Paul* was in fourth grade when the problems began at school. When it was time for religion lessons, the boy would move to a tiny adjoining room with a window to his class and quietly pass the hour. His parents had decided he would not receive religious instruction.
Paul was following in his big sisters' footsteps. They had gone to the same secular, public school in their town in North Rhine-Westphalia, near Cologne, as he did. They too had been exempted from religion class, a singularly Christian affair in most German schools. The children might read or get a start on the day's homework while their classmates learned about Christianity.
"All of my kids have gotten in trouble multiple times for doing homework," says their mom, Diana*. "They would tell me, and I would say: 'Don't worry about it; sometimes you just have to turn the other cheek.'"
Religion versus free time
The rules say that schools should try to schedule religion classes at the beginning or end of the school day, so kids who don't take part can come later or leave earlier. Otherwise, the schools need to provide supervision for them. Some schools mandate that students who opt out of religion take ethics or practical philosophy instead. But that wasn't the case at Paul's school. He was, at least in theory, free to use the time as he pleased.
No rule said that Paul and his sisters weren't allowed to do homework, but other parents had complained that it was unfair. So Diana and her husband, Ralf,* had told their kids that if they wanted to do it, they should not draw attention to it or boast about it. That didn't mean they didn't get caught sometimes.
But Paul has had a tougher time than his sisters.
One day in October last year, two of his friends told the religion teacher they saw Paul doing his homework during class. The teacher called Paul to the front of the classroom, Diana said, and berated him: "Paul, do you know why homework is called homework?"
"He was just 8 years old at the time, and he was totally shocked and scared," Diana said. "He came home crying that day."
Diana and Ralf were dismayed by how Paul was being treated as the school flaunted the rules. They spoke to the religion teacher, who apologized when he learned he had been wrong to call out the boy.
"We talked to him and said: 'This wouldn't have happened if the school didn't have this policy that they have to keep kids in the back of the class during religion classes. If you would just do it as the laws say ...,'" Diana recalled.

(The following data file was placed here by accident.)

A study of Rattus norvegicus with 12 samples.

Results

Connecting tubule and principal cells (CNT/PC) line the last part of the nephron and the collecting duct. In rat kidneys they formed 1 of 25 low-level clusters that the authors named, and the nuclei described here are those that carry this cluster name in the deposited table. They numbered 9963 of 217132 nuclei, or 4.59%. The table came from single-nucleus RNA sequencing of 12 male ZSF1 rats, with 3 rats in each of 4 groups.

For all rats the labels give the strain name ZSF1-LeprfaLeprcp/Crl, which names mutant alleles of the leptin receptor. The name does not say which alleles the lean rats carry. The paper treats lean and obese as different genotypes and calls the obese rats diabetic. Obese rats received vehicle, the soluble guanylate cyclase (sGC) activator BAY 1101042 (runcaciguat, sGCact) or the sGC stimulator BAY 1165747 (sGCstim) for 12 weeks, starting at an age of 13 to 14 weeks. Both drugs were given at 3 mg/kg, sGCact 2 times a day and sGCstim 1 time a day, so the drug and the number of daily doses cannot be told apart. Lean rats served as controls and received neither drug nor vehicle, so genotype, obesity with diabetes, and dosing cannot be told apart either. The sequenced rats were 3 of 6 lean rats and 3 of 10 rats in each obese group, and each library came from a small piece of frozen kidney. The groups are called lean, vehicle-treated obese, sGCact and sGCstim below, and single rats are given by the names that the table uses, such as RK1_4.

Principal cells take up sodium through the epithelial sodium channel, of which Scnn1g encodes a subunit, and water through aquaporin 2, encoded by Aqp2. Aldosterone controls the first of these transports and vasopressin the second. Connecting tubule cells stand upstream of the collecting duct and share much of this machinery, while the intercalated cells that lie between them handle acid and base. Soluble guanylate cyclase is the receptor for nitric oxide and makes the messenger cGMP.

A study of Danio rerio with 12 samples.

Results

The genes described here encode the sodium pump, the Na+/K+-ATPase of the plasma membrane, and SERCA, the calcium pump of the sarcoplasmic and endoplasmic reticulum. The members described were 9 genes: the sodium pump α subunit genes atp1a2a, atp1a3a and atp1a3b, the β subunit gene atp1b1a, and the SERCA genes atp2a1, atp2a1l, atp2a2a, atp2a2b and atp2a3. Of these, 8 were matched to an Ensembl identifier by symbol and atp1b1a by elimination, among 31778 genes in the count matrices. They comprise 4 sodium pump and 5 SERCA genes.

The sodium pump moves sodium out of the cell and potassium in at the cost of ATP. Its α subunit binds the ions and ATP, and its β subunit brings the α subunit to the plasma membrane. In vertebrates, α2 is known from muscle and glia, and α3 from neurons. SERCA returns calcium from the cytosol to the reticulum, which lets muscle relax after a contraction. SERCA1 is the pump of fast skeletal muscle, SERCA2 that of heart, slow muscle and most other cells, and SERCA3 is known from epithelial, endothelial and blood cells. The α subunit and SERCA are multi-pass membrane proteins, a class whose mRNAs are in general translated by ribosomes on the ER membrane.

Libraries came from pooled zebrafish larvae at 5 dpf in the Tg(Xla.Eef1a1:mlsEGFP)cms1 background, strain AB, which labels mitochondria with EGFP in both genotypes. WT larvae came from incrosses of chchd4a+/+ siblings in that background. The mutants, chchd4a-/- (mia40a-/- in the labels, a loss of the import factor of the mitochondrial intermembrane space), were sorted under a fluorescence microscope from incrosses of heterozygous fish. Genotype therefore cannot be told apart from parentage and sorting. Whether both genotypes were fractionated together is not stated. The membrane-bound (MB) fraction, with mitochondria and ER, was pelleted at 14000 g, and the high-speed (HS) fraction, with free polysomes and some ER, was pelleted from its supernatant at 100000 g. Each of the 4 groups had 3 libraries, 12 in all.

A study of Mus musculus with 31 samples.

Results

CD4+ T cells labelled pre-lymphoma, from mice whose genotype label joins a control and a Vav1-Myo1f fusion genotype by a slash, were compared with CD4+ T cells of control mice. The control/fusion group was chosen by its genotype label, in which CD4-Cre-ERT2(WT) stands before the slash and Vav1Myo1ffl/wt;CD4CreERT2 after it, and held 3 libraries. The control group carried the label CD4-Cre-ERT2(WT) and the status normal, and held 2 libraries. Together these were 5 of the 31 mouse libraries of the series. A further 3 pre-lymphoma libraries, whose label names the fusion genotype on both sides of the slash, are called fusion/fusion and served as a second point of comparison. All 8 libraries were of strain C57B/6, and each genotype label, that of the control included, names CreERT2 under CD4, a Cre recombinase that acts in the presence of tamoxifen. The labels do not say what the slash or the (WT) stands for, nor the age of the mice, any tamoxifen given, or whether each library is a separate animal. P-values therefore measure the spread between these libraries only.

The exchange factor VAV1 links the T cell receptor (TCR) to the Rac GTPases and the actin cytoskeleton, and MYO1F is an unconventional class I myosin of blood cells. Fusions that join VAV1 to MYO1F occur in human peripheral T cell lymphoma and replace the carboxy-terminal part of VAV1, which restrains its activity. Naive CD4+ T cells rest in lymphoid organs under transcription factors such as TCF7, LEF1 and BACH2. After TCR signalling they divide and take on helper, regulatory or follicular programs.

The religion teacher referred them to the principal.
"So we had a phone call with the principal and it didn't lead anywhere, because he was convinced he was doing everything right," Diana said. "He didn't answer our question when we said: 'This is what the laws say. What will you do to change it so that Paul is treated like the law says he should be?'"
Help from outside
Diana got in contact with Rainer Ponitka. In the tiny rural hamlet where Ponitka lived, church was a normal part of people's lives, as were the religion lessons at the public school, where each classroom was decorated with a crucifix. Ponitka's son didn't take part in the classes in primary school or go to the weekly services the other students attended at the church. The boy was bullied by other parents and children because of it.
Ponitka enlisted experts and wrote a guidebook for parents, students and educators to navigate school without religious affiliation. He is now a spokesman for the International League of Non-Religious and Atheists (IBKA), a lobbyist group focused on freedom of thought and religion as well as the separation of religion and state. Diana had read his book.
"I have 10, 12 cases [like Paul's] each year, different cases, some which stretch over years," said Ponitka, who also leads the IBKA's working group on schools. "It begins in primary schools and continues into the secondary level. It doesn't carry on into the senior classes, because the rules there are clearer."
Hard on a child
Once it became apparent that the principal at Paul's school did not care to make any changes, Ponitka put Diana in touch with a lawyer.
Paul and his parents felt like he was being singled out by the principal, who also worked as one of the sports teachers. Paul's grade in physical education dropped from a one, "very good," to a four, "sufficient," on the scale from one to six, Diana said.
The lawyer, Winfried Rath, gave the principal two weeks to respond to a letter demanding Paul be treated according to the law.
The principal didn't reply. Rath sent a further letter saying he would advise Paul's parents to take the case to court if the principal ignored the new deadline, which expired Wednesday.
The schools almost always give in when the threat of court proceedings arises, Rath said. Court costs money, and schools are always strapped.
On Wednesday, the principal sent Ralf an email saying Paul no longer needed to attend school during the two religion classes each week.
Stigmatized over religion
Diana is relieved for Paul's sake, though she says he has already been stigmatized by the events.
"He's carrying a burden no kid that age should carry," she said. "He's the one with the nonreligious parents. If he falls out of line, the principal will look at him differently."
But, Diana said, this isn't just about Paul: "It's about an injustice that's been happening for years. Something needs to change."
*Names have been changed to protect the boy's identity.